Falls Prevention: Why are Older People More Prone to Falls and How Can We Help?
On the 12th July, we will be running our popular Preventing Falls in Older People online training course.
The cost of falls to the NHS is estimated at £2 billion annually, with 30% of people aged over 65, and 50% of people aged 80 and over, likely to fall at least once a year. It is important that we acknowledge risk factors affecting older people’s increased risk of falling, before we understand how we can lessen the chances of them falling.
5 Reasons Why Older People Are More Prone to Falls:
1. Poor Strength and Balance
As we get older, our muscles weaken, sometimes causing pain as well as a higher risk to falling. Although we can’t prevent getting older, there is a way to strengthen muscles, and it’s quite simple – being active. The official NHS exercise webpage recommends taking part in physical activity which improves strength, balance ,and flexibility at least two days a week. Whether this is lifting weights or gardening, this could help make older people feel more confident on their feet and reduce their chances of falling.
2. Impaired Vision
Approximately 30% of over 65 year old's have some form of visual impairment. Poor vision increases the risk of older people falling since it can reduce contrast sensitivity and depth perception. Whilst a new pair of glasses or contacts is usually the solution to most reduced-vision problems, this may in fact increase the risk of an older person falling as it may take time to adjust to these changes. However, there are positive changes that can be made in older people’s settings which brings us to the next point.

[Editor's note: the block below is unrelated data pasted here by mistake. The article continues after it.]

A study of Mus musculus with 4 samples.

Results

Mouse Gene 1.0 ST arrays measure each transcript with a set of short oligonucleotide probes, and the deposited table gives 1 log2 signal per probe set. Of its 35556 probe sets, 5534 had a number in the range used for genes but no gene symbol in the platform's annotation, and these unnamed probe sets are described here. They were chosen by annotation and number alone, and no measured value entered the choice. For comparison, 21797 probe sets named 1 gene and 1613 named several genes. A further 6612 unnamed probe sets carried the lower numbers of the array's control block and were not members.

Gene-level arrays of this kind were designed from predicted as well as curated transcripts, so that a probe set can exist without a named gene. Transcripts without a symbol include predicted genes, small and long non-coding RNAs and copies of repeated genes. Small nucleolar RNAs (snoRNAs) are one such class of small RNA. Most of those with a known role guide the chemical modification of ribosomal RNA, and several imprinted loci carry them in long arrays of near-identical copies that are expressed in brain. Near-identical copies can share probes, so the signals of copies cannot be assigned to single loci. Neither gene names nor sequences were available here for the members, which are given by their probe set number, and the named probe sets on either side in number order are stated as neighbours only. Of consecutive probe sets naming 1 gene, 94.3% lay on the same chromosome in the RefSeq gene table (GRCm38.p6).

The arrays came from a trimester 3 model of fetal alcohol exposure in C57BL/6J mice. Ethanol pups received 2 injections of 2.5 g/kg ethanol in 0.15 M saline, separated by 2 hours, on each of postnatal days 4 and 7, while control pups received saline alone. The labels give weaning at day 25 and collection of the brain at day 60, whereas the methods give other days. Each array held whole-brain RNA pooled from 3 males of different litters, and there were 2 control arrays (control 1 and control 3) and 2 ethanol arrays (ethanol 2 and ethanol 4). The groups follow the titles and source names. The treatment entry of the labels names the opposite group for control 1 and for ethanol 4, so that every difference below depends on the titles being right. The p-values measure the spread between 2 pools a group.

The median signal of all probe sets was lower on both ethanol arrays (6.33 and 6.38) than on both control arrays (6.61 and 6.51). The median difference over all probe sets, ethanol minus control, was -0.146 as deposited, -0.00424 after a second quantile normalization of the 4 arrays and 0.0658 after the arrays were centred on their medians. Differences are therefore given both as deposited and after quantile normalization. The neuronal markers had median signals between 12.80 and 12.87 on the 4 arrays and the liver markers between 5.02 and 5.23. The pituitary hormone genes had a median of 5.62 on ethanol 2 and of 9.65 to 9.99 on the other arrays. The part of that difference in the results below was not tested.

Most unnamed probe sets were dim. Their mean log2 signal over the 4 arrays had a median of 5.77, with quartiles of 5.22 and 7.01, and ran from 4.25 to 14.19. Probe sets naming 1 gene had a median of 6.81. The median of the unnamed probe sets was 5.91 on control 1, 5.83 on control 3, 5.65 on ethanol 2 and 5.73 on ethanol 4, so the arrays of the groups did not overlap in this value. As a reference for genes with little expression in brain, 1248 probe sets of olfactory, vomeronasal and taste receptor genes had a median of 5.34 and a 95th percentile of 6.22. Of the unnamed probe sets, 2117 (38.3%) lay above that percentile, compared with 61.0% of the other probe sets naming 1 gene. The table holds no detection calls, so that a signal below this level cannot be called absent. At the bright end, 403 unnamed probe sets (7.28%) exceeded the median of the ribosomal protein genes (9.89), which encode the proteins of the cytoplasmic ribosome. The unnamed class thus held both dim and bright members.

3. Environmental Hazards
Once falling over has become a concern for an older person, their surroundings may need to be adjusted to ensure they are not at further risk. For example; rooms, hallways, and staircases at home may require improved lighting. The NHS recommend the use of non-slip mats, rugs, and carpets around the home as well as removing clutter in walkways. Age UK has some useful advice on simple adaptations to prevent falls in the home.
4. Certain Medications
Patients with dementia are twice as likely to experience a fall and are more likely to be hospitalised following a fall. The medication they may be prescribed could contribute to this. Drugs such as donepezil can cause dizziness and drowsiness, resulting in a reduced lack of awareness. Whilst this is a complex situation, measures have been put in place to reflect the significant changes to the way in which health services deliver care to patients in England (read more about this here). For example, pharmacists are to discuss medication instructions and side effects upon dispensing to older people or their carer. Knowing there is a chance of reduced overall ability after taking a certain medication should prevent any strenuous movement, thus, preventing falls.
5. Impact of Covid-19
Covid-19 has also played a part in the increase in falls among older people. Since the beginning of the pandemic, older people have been confined and isolated to their homes. Naturally, not partaking in any outdoor activity takes its toll on the body, causing muscles to weaken and increasing the likelihood of falling. In the height of the pandemic, the average duration of strength and balance activity dropped from 126 to 77 minutes per week in March to May 2020 compared to 2019.
You can find out more about how Covid-19 has influenced the number, type, and severity of falls in another of our blog pieces here: Falls Prevention with Professor Cameron Swift, King's College London.
How Can We Work to Minimise Falls?
Furthermore, to help prevent falls in older people, it is essential that those who work in this space understand and implement the latest NICE guidelines and related national guidance –our online training course ensures attendees are up to date with any changes.